While it’s still unclear whether the 2020 exodus from big cities like New York and San Francisco is a short-term blip or a long-term shift, one thing is clear: Retailers with a large presence in the suburbs are benefiting.
At Dick’s Sporting Goods, for example, which reported 20% increase in fourth-quarter sales, thanks in part to the influx of new shoppers at its stores. (As of last month, the retailer counted 728 stores across 47 states.)
CEO Lauren Hobart told analysts on a conference call this morning that the chain netted 8.5 million new shoppers during its fiscal 2021 year, and 2.5 million in the fourth quarter alone.
“We’re very pleased with the makeup of the new customers. They tend to skew a little younger … slightly more female and slightly more urban [compared to our traditional consumers],” Hobart said. “So we do think a lot of [this growth is driven by] the exits from the city or people engaged with the brand for the first time, and we’re working very hard to keep those people in our database and encourage second purchases. But it’s a big piece of our growth.”
Dick’s continues to expand at a time when other retailers are shrinking their store rosters. Last month, it opened five outposts — including a namesake location in Concord, N.C. (just outside Charlotte, North Carolina’s biggest city).
Other retail insiders, including David Simon, chairman, CEO and president of Simon Properties, are also bullish on the opportunity for stores in the suburbs. “All of the urbanization two, three, four years ago, the question was, ‘Why are the suburbs going to exist?’ ‘Everybody is going to live in an urban environment,’ he recalled on a recent conference call. “I’m telling you the suburbs are going to be hot. And our quality real estate is going to be where the action is for those well located suburban centers of commerce. And that’s going to be the big change coming out of the pandemic.”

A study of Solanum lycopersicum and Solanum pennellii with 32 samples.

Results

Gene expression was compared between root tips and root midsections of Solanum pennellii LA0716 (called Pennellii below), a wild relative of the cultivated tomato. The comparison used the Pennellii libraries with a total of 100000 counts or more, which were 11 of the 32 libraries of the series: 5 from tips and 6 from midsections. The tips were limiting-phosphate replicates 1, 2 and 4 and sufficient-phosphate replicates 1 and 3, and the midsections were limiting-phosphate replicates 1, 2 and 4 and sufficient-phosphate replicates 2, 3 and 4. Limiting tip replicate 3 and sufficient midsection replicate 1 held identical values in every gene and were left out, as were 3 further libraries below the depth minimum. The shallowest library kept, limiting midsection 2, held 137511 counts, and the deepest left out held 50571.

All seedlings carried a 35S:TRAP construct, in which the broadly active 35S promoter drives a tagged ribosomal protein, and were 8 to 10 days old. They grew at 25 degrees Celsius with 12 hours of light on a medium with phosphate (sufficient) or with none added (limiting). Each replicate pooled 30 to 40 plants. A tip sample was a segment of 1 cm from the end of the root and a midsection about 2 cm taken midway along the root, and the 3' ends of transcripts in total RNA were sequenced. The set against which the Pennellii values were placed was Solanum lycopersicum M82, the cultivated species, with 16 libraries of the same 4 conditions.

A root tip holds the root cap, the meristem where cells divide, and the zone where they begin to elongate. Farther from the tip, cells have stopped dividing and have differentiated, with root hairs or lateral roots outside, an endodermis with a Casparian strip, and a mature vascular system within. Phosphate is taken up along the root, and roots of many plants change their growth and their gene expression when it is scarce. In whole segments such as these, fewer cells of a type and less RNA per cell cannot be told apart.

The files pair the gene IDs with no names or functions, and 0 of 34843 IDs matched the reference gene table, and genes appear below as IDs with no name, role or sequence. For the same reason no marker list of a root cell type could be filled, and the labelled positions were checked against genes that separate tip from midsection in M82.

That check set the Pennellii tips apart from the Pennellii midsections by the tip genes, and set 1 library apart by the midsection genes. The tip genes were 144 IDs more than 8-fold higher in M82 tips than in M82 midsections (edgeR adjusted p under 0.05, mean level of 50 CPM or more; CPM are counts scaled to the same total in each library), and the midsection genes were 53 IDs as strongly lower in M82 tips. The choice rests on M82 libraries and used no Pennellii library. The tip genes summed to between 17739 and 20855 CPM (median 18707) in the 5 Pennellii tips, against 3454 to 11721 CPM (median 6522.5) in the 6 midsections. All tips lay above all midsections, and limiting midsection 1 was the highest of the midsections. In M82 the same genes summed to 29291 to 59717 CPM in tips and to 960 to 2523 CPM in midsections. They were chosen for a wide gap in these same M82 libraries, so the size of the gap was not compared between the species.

For Dick’s, its store locations are only one of the big advantages it has heading into a post-coronavirus world. Hobart said on the call that all of the company’s primary categories — hardlines, apparel and footwear — are benefiting from consumer demand around athletic and outdoor.
While she’s confident the fervor around those categories will continue, Hobart acknowledged that competition was increasing.
“Some of the department stores are closing some stores, which should be favorable,” the exec said, when asked if there would be a shift in the competitive landscape this year. “But on the other hand, some of them are going after the athletic apparel space a little bit more aggressively, which will work the other way. So long and short of it, I don’t really see a meaningful change.”
Dick’s Sporting Goods Inc. reported better-than-expected fourth-quarter financial results, but was cautious in its outlook, which appears to have given investors a pause. Shares are down 6.5% in mid-day trading.
For the three months ended Jan. 30, the Coraopolis, Penn-based retailer recorded profits of $225 million, or earnings of $2.43 per share, versus the prior year period’s profits of $113.3 million, or earnings of $1.32 per share. Wall Street had predicted earnings of $2.28 per share. Revenues grew 19.8% to $3.13 billion, beating analysts’ estimates of $3.07 billion.